Australian archaeologists discover ancient Arabian highways

A team of archaeologists from the University of Western Australia has discovered a network of ancient super-highways – long-distance corridors linking oases and pastures – built by the Bronze-Age inhabitants of north-west Arabia.

“Funerary avenues were the major highway networks of their day, and show that the populations living in the Arabian Peninsula 4,500 years ago were far more socially and economically connected to one another than we previously thought,” says Matthew Dalton, lead author of the study and an archaeologist from UWA’s School of Humanities.

The research, published in the journal Holocene in December, involved taking satellite images of these avenues, which scar the countryside across an area of 160,000 square kilometres. The authors found more than 11,000 of the 17,800 “pendant” tombs found in the region were placed on these causeways, and that the highest concentration of funerary monuments on the avenues were located near permanent water sources.

Date palms growing in oasis of al-ula near where the ancient highways were found
Date palms growing near the modern-day oasis of Al-Ula. Credit: Frizi / Getty.

Based on the locations and pathways of the ancient highways, the team think populations used them to travel long distances between major oases like Khaybar, Al-Ula and Tayma. Lesser avenues also trail into the surrounding landscapes, which the team thinks hints at herds of domestic animals being moved to nearby pastures with the swell and flow of seasons and drought.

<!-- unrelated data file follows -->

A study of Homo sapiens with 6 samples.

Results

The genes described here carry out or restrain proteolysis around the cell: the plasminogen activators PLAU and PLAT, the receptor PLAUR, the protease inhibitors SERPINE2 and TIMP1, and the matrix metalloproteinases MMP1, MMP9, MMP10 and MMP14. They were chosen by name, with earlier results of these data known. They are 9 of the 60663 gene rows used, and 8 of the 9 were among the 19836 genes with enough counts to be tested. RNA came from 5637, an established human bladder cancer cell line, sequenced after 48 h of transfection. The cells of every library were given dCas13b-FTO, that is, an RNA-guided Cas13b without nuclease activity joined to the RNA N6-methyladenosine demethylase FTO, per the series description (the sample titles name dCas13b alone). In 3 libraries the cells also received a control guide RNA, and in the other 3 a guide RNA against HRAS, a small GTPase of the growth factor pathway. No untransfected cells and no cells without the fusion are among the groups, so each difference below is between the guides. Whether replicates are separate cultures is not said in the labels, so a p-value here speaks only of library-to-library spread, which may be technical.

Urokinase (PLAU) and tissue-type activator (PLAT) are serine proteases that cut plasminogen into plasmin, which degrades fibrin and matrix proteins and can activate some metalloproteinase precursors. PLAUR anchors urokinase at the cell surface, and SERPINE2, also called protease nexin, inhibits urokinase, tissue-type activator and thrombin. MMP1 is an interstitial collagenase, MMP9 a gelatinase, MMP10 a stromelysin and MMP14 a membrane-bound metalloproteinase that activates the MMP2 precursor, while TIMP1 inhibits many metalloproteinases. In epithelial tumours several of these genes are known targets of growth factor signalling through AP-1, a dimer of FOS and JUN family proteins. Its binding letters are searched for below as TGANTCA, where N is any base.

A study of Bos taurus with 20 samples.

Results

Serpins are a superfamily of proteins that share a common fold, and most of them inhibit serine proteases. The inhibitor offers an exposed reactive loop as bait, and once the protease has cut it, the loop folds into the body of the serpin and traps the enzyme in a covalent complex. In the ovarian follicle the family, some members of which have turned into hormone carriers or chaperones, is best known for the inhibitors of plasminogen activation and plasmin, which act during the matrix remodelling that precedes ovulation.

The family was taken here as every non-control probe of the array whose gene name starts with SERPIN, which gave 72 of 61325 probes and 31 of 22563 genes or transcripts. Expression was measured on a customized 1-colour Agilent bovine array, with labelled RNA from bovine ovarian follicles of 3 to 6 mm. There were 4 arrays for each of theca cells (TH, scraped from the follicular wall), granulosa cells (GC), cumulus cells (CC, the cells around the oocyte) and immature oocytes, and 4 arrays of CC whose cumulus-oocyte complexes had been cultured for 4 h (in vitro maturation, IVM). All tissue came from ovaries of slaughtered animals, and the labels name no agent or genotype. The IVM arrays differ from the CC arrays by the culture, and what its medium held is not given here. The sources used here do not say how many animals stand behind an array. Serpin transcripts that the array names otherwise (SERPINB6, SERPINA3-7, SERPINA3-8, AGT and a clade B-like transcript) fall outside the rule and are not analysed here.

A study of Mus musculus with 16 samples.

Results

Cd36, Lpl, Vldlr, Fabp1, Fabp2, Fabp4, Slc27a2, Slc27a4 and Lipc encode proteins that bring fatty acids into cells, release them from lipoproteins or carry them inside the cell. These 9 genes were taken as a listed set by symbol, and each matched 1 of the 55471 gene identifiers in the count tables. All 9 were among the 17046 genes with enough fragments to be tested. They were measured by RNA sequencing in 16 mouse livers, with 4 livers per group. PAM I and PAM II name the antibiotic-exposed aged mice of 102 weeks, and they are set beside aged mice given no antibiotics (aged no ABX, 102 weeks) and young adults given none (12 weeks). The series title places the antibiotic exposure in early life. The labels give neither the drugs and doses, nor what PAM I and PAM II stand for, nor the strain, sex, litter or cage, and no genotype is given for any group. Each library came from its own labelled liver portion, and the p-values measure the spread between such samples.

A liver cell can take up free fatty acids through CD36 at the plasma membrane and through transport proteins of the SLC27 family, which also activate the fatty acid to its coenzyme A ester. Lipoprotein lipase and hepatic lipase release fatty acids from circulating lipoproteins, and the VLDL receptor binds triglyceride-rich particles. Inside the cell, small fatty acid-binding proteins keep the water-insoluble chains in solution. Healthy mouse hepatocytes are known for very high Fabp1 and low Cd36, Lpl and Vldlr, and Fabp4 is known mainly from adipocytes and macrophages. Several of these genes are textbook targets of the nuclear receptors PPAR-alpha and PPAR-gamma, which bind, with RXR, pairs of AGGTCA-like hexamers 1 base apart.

“These oases, especially Khaybar, exhibit some of the densest concentrations of funerary monuments known worldwide,” says Dalton.

“The sheer number of Bronze-Age tombs built around them suggests that populations had already begun to settle more permanently in these favourable locations at this time.”

Hugh Thomas, director of the project, says the study is part of a swathe of information revolutionising traditional understandings of Bronze-Age Arabia.

“The papers published in 2021 have helped demonstrate that in ancient times Al-Ula and Khaybar were characterised by a rich and dynamic occupational landscape,” Thomas says.

“The archaeological finds coming out of these regions have the potential to profoundly change our understanding of the early history of the Middle East.”